I was re-positioning on a gobbler that was walking away from me. I was already above him, and could easily get slightly ahead of him before calling again. Just as I got ready to call, KA-BOOM!
I walked to the edge of the hill and below me I saw a hunter throw his hat on the ground in disgust. As I approached him I asked, "What happened? He said, "I guess I missed."
"How far away was he?" I inquired. "Fifty yards," the hunter replied.
Yes, some guns, with the right choke and ammo, pattern well enough to kill a gobbler seriously dead at 50 yards. But that doesn't mean a shot should be taken half a football field away.
My personal policy is to shoot at gobblers only when they're 35 yards or closer. My shotgun will kill them farther away, but I don't risk it. Here's why.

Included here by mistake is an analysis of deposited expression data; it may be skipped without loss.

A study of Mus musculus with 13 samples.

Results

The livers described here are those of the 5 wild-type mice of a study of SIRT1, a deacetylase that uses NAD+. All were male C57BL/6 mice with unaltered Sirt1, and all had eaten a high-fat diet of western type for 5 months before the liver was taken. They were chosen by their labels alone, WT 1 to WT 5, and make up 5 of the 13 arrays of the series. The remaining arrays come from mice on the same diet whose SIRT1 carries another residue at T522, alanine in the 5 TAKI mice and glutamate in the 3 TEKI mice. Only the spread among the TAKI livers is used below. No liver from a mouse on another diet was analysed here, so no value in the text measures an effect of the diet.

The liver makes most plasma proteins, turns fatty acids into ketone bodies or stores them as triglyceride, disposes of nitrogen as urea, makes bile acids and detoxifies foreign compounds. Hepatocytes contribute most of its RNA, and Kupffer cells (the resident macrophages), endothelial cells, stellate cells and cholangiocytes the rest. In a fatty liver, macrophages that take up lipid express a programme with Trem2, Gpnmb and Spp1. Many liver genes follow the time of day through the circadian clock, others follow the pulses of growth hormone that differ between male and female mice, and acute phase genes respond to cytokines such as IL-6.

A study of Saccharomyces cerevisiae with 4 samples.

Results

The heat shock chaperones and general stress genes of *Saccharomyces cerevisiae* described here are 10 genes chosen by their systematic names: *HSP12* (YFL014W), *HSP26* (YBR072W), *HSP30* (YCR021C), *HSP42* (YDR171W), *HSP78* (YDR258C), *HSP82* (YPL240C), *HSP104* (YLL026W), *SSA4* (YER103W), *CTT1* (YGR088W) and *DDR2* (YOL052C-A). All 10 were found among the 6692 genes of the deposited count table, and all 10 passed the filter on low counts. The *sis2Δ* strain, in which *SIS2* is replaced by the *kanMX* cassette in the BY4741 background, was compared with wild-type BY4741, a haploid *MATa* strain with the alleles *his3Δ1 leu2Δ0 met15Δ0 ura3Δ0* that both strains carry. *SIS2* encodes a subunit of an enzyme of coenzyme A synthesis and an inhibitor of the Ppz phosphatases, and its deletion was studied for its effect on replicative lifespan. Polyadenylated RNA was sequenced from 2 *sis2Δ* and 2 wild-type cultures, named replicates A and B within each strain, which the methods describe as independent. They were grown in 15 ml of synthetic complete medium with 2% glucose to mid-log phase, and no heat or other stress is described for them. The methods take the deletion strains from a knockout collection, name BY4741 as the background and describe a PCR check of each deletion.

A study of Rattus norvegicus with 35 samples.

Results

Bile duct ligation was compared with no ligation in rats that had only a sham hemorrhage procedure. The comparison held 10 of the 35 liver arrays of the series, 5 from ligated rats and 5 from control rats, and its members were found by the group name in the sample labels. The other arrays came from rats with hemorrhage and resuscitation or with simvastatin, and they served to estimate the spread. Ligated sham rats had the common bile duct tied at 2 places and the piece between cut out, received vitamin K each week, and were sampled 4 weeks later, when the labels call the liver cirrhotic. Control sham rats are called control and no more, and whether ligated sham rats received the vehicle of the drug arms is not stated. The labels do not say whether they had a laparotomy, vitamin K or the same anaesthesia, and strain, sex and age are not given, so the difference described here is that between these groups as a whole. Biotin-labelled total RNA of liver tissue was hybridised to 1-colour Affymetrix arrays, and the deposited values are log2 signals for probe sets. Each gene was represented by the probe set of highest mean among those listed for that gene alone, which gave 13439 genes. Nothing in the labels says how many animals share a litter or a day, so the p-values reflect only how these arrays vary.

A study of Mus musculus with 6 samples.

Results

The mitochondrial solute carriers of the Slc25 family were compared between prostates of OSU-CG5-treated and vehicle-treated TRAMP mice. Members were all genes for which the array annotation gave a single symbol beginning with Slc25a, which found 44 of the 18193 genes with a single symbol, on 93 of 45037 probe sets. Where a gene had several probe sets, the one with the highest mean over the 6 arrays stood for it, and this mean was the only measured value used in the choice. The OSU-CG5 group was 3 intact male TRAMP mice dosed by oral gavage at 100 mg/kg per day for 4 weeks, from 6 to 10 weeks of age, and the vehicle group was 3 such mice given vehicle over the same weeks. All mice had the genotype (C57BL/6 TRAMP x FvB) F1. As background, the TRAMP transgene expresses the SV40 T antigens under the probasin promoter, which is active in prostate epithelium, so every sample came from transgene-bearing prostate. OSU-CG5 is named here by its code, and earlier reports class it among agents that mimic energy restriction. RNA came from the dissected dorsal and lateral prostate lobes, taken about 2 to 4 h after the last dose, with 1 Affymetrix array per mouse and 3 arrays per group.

Suppose I judge the gobbler to be 35 yards away, but my range estimation is off by 20%. That's an extra seven yards, and he's really 42 yards away. No problem, my shotgun will do that.
Now suppose the hunter I told about really did have a 50-yard shotgun, but he made a 20% mistake in estimating the range. Adding 20% to 50 yards means that gobbler is really 60 yards away, and it's going to require some luck to kill him.
I've called many gobblers in to the 40-yard mark, and passed up the shot. Why? Because when I pull the trigger I don't want to think the gobbler will drop. I want to know he will drop.
You didn't call him in to scare him. You didn't call him in to wound him. You called him in to kill him. So why would you take a shot that might not do that?
I’ll be posting more “Tips on Turkey Hunting” as often as I can until the end of May. I don’t claim to be the best turkey hunter around, but I’ll share what I know. It might be helpful to those who pursue America’s greatest game bird. While you're at it, check out my gobbler-killin' Northern Scratchbox turkey call at EverydayHunter.com/turkey-call. It's full of deadly sounds.